In part two of my look at vitamin D’s (click here to see Part 1) powers of cancer prevention, I look into deficiencies in this nutrient before taking a peek at the first cancer it could help prevent: prostate cancer.
The only way to be sure that someone is “deficient” in vitamin D is to measure the blood. And that depends on the amount of skin exposed to sunlight and how much vitamin D is in the diet and in supplements. If it’s in the normal range, a person automatically has between a 30% and 50% lower risk of getting colon cancer, breast cancer, or prostate cancer. Only recently did we learn that a deficiency in North America is quite common. Especially in these groups of people:
— Over 50% of African Americans
— 84% of African Americans over 65
— 54% of community living residents over 50
— 38% of nursing home residents
— 41% of outpatient healthy adults 49-83 years old
— 32% of young adults in the Boston area at the end of the winter
Other than sun exposure, risk factors include obesity, bowel diseases, and problems with absorbing fat.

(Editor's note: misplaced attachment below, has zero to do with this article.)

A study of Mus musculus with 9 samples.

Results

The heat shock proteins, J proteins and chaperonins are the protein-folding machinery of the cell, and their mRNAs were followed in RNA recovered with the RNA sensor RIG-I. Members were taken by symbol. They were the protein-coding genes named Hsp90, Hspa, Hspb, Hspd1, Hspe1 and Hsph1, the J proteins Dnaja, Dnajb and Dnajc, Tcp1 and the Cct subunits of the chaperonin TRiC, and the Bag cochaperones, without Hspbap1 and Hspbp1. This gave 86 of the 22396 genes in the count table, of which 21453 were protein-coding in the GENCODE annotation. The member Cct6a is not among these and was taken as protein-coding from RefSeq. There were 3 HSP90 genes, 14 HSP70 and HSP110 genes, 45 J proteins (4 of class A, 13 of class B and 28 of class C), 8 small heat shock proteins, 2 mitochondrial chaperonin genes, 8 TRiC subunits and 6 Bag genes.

The older you get, the higher your risk of prostate cancer. It doesn’t help that aging is also linked with less sun exposure, and a weakened ability for the body to produce vitamin D. Prostate cancer deaths are directly linked to low sun exposure.
In Finland, a study reported that low levels of vitamin D led to a more aggressive prostate cancer. Both low and high levels, as a matter of fact, have been linked with a higher prostate cancer risk. Therefore, future research will be needed to further our understanding of the relationship between vitamin D and prostate cancer — but, for now, having adequate amounts seems important.
The most active form of vitamin D is made in the kidney (it’s called calcitriol.) In the last decade, very encouraging proof suggests that this form may be a great addition to traditional treatments of difficult prostate cancer. Talk to your doctor about whether you should be taking vitamin-D supplements and, if so, what type and at what dosage.